Celebrating our anniversary and marveling how long we’ve been married got me thinking about the main lessons I wish I’d known sooner. Here are three of them.
Shalom bayit, or “peace in the home”, is the ultimate goal in any marriage. It’s not enough to want shalom bayit, you have to actively pursue it and pour all of our efforts into it.
The mishna says, “Be among the disciples of Aaron, loving peace and pursuing peace….” (Ethics of the Fathers, 1:12). More than any figure, Aaron embodied the true meaning of shalom bayit. Jewish tradition relates that when he saw husbands and wives fighting, Aaron rushed to help, telling each spouse that the other sincerely regretted their argument and wanted peace. These weren’t lies, our Sages explain, for in our heart of hearts we all long for peace.
Rebbetzin Esther Jungreis, of blessed memory, once advised a reader who was wondering if she should get divorced. Rebbetzin Jungreis’ asked her: what would happen if the reader took all the resources she’d spend on a divorce – all the money, the time, the energy, the emotions – and invest them into her marriage instead? It was a great reminder that good marriages don’t just happen. They require work and investment.
Shalom bayit is something we build with each conversation, each favor, each expression of love.
Go to Bed Angry
I don’t remember the details of the worst fight my husband and I had when we were newly married, but I do recall it was late at night. Our children were young and we were chronically exhausted. All I wanted to do was sleep. But instead we stayed up, both of us tired and cranky, and argued late into the night.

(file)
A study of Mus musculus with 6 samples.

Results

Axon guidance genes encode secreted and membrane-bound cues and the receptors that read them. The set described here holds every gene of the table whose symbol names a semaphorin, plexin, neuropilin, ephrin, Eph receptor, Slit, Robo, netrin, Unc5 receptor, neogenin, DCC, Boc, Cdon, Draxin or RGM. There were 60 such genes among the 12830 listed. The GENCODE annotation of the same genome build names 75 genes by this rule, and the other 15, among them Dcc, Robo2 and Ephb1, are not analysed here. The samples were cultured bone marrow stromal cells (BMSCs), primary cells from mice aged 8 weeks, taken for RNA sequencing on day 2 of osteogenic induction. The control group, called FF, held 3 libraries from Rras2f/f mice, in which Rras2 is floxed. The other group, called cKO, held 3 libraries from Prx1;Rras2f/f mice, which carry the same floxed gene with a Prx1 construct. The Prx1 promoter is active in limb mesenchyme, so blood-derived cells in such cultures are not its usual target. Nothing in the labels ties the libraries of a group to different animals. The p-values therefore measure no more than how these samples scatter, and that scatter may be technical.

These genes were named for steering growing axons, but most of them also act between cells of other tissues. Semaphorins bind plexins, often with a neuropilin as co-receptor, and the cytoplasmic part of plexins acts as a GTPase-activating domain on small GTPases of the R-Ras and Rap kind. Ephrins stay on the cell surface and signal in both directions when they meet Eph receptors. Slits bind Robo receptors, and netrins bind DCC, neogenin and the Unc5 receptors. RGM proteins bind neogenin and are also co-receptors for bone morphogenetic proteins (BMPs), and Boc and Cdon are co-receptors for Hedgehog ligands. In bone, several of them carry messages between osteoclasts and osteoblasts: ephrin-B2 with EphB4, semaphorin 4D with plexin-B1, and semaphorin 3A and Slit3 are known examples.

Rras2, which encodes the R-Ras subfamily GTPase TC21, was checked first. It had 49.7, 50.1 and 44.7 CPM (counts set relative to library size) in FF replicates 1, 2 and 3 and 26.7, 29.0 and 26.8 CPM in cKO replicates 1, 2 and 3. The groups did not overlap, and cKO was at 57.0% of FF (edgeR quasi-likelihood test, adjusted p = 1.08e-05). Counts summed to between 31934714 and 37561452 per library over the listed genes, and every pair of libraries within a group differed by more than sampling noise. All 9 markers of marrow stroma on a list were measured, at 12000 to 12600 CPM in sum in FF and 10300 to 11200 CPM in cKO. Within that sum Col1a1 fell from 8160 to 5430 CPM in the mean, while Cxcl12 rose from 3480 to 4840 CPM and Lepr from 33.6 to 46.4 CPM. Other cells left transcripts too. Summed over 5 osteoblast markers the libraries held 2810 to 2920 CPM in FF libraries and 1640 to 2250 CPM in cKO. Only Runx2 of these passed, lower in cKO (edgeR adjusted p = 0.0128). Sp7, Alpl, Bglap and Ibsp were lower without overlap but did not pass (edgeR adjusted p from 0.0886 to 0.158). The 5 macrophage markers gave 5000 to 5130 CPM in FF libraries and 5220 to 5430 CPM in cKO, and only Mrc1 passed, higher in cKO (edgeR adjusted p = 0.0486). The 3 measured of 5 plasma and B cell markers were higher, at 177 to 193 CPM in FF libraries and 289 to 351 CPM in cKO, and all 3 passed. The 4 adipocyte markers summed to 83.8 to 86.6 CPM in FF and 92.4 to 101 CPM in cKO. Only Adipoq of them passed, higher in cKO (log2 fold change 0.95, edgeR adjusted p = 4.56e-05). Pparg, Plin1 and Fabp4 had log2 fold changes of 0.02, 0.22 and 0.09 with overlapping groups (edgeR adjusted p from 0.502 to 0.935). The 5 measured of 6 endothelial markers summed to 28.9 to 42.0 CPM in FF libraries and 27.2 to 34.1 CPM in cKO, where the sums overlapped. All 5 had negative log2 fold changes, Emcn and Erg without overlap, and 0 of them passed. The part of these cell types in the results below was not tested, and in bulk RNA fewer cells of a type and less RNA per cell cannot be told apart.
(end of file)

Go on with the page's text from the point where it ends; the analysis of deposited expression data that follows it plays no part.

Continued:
We weren’t alone. A 2013 study from University California Berkeley proved what many of us already know: “couples experience more frequent and severe conflicts after sleepless nights,” according to researcher Amie Gordon. Some circumstances virtually guarantee a fight, and it took me years of married life to learn to avoid them, to find the strength to not enter an argument and suggest discussing things later. Contrary to popular belief, it’s okay to go to bed angry. In fact, sometimes it’s the wisest thing to do.
When discussions start to get contentious, I’ve learned to leave them for another time. Amazingly, when I revisit issues, conversations are almost always more productive once we’ve had time to calm down (or just gotten some sleep).
Know Your Life’s Purpose
When my husband and I were dating, a friend asked me what I liked about him. I described his intelligence and wit, his generosity and how much fun we had together. While those qualities made me fall in love with him and are still important, looking back I see that something was missing. We didn’t really ask the bigger questions, like: What sort of life do we hope to create? What goals do want to accomplish as husband and wife? How do we define, bottom line, our over-arching purpose in life?
A few months after we were married my husband got his first health scare. He required what would be the first of several life-saving surgeries. This changed our lives. Suddenly every moment seemed to be momentous. We asked ourselves what we wanted to do with the precious time we have.
Before one surgery, we met with our rabbi and we spoke about how everything in our lives happens for a reason and is there to teach us something. We started asking those tough questions that forced us to consider what we are truly living for.
Asking those questions was painful but it also brought us together like never before. We started to view our marriage not as simple companionship but as a team with ambitious goals that are important to us.